Passing away far too young, after suffering almost unimaginable misery in his retirement years, was the great Jerry Quarry, who died aged a mere 53 on this day in 1999. Quarry, who was almost forced into the sport of boxing by a domineering father, would go on to thrill millions in superior efforts against giants, Muhammad Ali, Joe Frazier, Ron Lyle, Earnie Shavers, and many other big-name heavyweights, this at a time when the division was chock full of magnificent talent.
With so many good to very good to great heavies plying their trade during a decade that has been accurately described as one that gave us a golden age of heavyweight boxing, Quarry was almost always matched tough. Jerry didn’t mind his blend of toughness, of heart, of an at times crazy ability to take punishment, and of some underrated boxing skills, seeing him take to the ring certain of victory no matter who he was fighting.
Ultimately, Quarry fell short, never winning the big one, but how “The Bellflower Bomber” tested the best of the best. Quarry went pro in May of 1965, aged just 19 after he had fought some 200 amateur bouts. Born in Bakersfield, Jerry became a big fan-favorite at the Olympic Auditorium in Los Angeles. Possessing a quick mind, in and out of the ring, Quarry was an extremely likable, witty, and fun-loving person (check out Jerry’s quite incredible vocal impersonation of Ali!). Stardom beckoned.
A July 1966 loss to the crafty Eddie Machen served up a headache for Quarry before Jerry boxed a draw with, and then defeated, Floyd Patterson. A February 1968 win over Thad Spence saw the 22-year-old Quarry get a shot at Jimmy Ellis for the vacant (stripped from Ali) WBA heavyweight title. Quarry came up short, losing a 15-round majority decision.
Quarry was far from done. In fact, he was really just getting going.
A 1969 win over Buster Mathis was pretty good, while Quarry then waged war with an unbeaten, seemingly unstoppable Joe Frazier. The Frazier fight, this Jerry’s second crack at a version of the world title, ended after seven savage rounds, with Joe’s smoke proving too much for Quarry.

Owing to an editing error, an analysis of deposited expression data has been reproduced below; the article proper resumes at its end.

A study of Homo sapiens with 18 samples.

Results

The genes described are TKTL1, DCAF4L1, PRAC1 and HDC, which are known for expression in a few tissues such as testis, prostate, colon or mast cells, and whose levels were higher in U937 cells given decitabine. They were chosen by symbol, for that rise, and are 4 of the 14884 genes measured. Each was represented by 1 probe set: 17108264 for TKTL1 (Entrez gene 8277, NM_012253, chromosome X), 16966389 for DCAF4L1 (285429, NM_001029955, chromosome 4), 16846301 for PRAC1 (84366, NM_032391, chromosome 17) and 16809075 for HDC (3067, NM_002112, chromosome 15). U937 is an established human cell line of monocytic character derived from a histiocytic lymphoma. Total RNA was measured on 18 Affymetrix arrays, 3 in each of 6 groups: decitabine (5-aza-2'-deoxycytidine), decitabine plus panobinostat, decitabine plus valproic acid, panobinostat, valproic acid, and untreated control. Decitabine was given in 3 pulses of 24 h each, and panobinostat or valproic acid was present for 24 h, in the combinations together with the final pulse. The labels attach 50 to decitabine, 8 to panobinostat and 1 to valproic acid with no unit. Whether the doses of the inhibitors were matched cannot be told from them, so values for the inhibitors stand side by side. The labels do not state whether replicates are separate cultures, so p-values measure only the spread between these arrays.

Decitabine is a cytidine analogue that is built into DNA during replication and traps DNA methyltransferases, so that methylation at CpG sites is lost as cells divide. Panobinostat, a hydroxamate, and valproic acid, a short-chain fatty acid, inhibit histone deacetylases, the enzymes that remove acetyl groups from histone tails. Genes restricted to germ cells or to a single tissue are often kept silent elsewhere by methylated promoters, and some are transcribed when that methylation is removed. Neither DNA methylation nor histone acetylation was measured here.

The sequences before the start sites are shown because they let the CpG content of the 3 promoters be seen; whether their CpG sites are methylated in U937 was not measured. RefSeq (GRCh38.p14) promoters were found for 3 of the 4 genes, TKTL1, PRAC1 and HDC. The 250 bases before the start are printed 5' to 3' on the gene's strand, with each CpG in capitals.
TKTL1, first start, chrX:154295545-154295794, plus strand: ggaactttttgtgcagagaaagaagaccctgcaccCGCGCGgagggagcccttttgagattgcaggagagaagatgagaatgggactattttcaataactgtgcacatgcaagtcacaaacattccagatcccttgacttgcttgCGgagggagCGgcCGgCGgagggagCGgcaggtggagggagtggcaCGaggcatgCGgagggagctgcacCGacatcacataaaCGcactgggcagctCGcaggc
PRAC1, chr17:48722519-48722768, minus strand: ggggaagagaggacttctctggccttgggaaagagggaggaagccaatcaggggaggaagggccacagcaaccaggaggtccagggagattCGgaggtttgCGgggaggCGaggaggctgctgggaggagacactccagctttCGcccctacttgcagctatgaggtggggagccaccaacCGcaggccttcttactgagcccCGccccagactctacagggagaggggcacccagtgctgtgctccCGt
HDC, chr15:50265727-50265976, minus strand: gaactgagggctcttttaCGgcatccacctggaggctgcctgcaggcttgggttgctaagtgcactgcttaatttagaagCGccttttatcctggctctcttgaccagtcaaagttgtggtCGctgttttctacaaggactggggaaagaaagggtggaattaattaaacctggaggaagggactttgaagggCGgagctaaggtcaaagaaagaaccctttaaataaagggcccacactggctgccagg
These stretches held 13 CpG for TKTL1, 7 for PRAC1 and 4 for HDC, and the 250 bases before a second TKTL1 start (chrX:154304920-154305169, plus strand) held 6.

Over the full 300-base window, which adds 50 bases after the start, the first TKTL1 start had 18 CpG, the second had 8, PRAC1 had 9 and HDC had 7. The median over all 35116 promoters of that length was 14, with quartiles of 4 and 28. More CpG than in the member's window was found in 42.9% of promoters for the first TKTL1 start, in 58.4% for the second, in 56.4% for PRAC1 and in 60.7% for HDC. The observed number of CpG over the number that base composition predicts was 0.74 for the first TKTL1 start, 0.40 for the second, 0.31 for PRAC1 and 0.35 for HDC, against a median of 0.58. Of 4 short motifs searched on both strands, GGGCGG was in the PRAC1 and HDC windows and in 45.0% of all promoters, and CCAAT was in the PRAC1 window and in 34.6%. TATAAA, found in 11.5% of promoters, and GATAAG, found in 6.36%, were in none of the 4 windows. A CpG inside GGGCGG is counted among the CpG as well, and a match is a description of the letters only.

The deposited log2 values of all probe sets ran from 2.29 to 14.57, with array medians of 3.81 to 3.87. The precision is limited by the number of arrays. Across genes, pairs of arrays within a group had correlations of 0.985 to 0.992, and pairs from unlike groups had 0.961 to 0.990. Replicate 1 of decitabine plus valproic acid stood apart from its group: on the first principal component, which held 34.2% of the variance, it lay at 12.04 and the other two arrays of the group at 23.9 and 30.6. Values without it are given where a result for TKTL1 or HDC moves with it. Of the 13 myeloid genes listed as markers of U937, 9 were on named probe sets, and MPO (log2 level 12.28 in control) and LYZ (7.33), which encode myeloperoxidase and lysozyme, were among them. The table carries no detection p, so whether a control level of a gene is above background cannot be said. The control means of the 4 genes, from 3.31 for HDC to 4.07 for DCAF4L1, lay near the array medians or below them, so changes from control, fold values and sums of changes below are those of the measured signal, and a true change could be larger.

Another stoppage loss came that year, with Quarry being stopped by George Chuvalo, before Quarry bounced back in 1970, stringing together four good wins. Then came Quarry’s big fight with the returning, no longer unlicensed Ali. An enraged Quarry was stopped on cuts after just three rounds. Amazingly, the now 38-5-4 Quarry would fight 20 more times.
Quarry, a fine counter-puncher who just loved the taste and the thrill of a brawl, of a war, was still sharp in the early ’70s, with him doing some fine commentary work and some good fighting. Quarry was still good enough, after so many tough nights, to best Jack Bodell, Ron Lyle, and Earnie Shavers. It was after a second fight with Ali (another non-title affair that saw Quarry get stopped on his feet) that Quarry showed he could never be written off or underestimated, as he blasted big banger Shavers to a one-round defeat in December of 1973. This, though, was Quarry’s last big win.
Quarry battled on, being stopped by Frazier in a rematch and then being stopped by Ken Norton. The damage may not have been visible or even detectable at this stage, but inside, Quarry was suffering. He was paying the price, ever so slowly, for the amount of punches he had shipped. Now 51-8-4, yet still only 29 years of age, Quarry was pushing everything he had left in fighting on.
A win came in 1977 before an overweight Quarry returned for two fights in 1983, both wins. Then, in what can only be described as one of the most criminal acts ever witnessed in a sport that has been full of them, a shot, brain-damaged Quarry was somehow allowed to clamber into the ring with a guy named Ron Cranmer. The October “fight” of 1992 was awful, disturbingly so. Quarry, with only his ability to soak up leather remaining as far as his famous boxing skills, took a sickening hammering over the course of six disgusting rounds. Lucky to have left the ring on two feet, Quarry was paid just $500.
It should NEVER have ended like this, not for as great a fighter and person as Jerry Quarry. Sadly, Jerry’s final years, which turned out to be just a little more than six years on this planet, were terrible. His cognitive abilities left him by the day; Jerry needed around the clock care, this provided by loving family members.
It was a sad sight seeing Jerry at any public function he was wheeled into at the end. Quarry passed away way before his time. But the end was perhaps nothing short of gratefully accepted by all those who cared about him, who cared for him.
Jerry Quarry was a special fighter, one of the best heavyweights never to have won a world title. Quarry’s story is also a stark reminder of the unpayable price all fighters risk having to face at the end when all the fans have long since stopped screaming, cheering, and caring.
Quarry’s final ring record reads an incredible 53-9-4(32). Jerry faced six world champions during his blood and guts ring career.